The Jewels of Happiness – A Personal Review

The Jewels of Happiness – A Personal Review

One of the recurring themes in the writings and legacies of the great spiritual teachers all the way down through time is the accent they each place on the preciousness of a human incarnation, especially one in which there is some kind of spiritual awakening. One of India’s teachers spoke of only three real miracles: the rarity of a human birth in this infinitely vast cosmos with its endless possibilities of life; a human incarnation characterized by spiritual awakening and interest; and the culmination of these in finding your inner path and an enlightened teacher to guide you along the road to your own enlightenment.

Part of Sri Chinmoy’s vast legacy, The Jewels of Happiness is an inspirational road map for those seeking wisdom and knowledge, the travelers on the inner journey seeking happiness and fulfillment. It offers a compendium of gold nuggets, lovely visualizations and positive imagery, a sense of hope and the promise of an imminent peacefulness. I really like its focus on meditation and the confident assertions about God.

One of the things that always interests me about meditation is the feeling of close-by discoveries, a sense of being near to a sudden insight or an understanding that can make your life different. Or a veil that could part to show you something, making you happier or closer to God, a little enlightenment experience that could come suddenly like a rainbow in your day. They seem to be a gift rather than an achievement, and though they rarely come, even the promise of them lifts your heart. Reading The Jewels of Happiness encourages me in this way, its sense that happiness and freedom are very close, that God has such an immense love for us.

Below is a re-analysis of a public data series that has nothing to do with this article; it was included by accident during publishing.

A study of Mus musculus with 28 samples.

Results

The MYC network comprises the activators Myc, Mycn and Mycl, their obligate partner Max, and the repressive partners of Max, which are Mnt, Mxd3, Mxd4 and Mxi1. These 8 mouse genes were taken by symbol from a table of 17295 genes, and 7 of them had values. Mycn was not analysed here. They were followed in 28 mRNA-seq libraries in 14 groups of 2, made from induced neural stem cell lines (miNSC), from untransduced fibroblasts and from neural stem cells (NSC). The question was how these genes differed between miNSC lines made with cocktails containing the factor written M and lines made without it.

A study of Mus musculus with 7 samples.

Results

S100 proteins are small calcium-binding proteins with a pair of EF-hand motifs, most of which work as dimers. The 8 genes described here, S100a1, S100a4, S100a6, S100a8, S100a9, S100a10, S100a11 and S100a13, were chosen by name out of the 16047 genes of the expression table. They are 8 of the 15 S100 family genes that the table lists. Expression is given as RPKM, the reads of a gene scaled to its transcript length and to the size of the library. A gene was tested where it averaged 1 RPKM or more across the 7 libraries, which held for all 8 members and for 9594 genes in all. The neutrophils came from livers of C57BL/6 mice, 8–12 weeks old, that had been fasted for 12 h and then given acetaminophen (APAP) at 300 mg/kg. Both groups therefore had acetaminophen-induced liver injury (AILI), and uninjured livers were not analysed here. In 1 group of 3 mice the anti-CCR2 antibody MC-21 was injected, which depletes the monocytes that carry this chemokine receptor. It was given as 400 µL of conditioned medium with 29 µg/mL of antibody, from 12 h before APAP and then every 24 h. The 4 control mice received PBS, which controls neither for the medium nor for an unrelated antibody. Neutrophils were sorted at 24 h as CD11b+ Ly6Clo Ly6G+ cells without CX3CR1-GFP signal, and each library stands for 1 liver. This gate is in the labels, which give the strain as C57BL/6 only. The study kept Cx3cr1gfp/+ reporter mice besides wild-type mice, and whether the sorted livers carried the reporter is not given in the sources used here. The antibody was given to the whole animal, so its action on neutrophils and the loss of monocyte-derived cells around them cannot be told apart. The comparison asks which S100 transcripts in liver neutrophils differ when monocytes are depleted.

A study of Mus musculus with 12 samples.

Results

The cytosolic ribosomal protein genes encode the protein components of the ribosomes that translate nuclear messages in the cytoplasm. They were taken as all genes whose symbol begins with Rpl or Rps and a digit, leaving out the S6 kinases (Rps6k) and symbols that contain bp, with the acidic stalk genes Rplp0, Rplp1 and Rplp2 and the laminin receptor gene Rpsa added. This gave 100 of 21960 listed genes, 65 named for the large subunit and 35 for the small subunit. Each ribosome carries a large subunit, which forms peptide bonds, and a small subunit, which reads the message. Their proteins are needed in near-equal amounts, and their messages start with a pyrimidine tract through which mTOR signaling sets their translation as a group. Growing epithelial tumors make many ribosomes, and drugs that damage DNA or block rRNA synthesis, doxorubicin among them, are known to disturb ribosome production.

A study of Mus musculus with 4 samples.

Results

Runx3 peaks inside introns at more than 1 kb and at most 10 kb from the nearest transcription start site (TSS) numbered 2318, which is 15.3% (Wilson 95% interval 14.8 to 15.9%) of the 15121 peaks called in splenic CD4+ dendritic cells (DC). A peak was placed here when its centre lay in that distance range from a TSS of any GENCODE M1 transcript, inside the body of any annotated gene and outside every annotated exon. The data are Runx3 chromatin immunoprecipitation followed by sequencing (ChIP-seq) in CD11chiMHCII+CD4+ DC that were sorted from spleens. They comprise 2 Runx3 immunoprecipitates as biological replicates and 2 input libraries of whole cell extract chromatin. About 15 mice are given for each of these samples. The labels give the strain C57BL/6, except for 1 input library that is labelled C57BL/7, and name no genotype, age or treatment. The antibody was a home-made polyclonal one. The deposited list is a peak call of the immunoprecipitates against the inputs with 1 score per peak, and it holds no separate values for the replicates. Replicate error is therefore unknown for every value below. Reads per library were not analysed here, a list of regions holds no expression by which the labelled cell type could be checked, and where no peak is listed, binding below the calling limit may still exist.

As my own years multiply I find meditation to be more of an abandonment to God than anything, perhaps recognizing that after a lifetime of struggles and strivings, we haven’t really got the foggiest notion about anything, and that we can’t really reach the loftiest heights on our own. After so many years, after all the meditation practice and self-discovering and immersion in a path, there is a humbling sense of our littleness. Yet in his book, Sri Chinmoy encourages this feeling of being a child and having a child’s innocence, purity, sweetness, simplicity, its helpless dependence on the loving parent.

In a world full of outer enchantments and endless distractions, the great light, beauty and purpose of the human soul becomes lost to us, covered over just as easily as a single cloud can hide the power of the sun. But The Jewels of Happiness brings back to us the sense of our sacred purpose; encouragement and reassurance; the promise of joy and delight; the nearness of God. Sri Chinmoy has mapped out a lovely guidebook for those embarking upon the eternal journey, an exemplar and teacher pointing our way back home.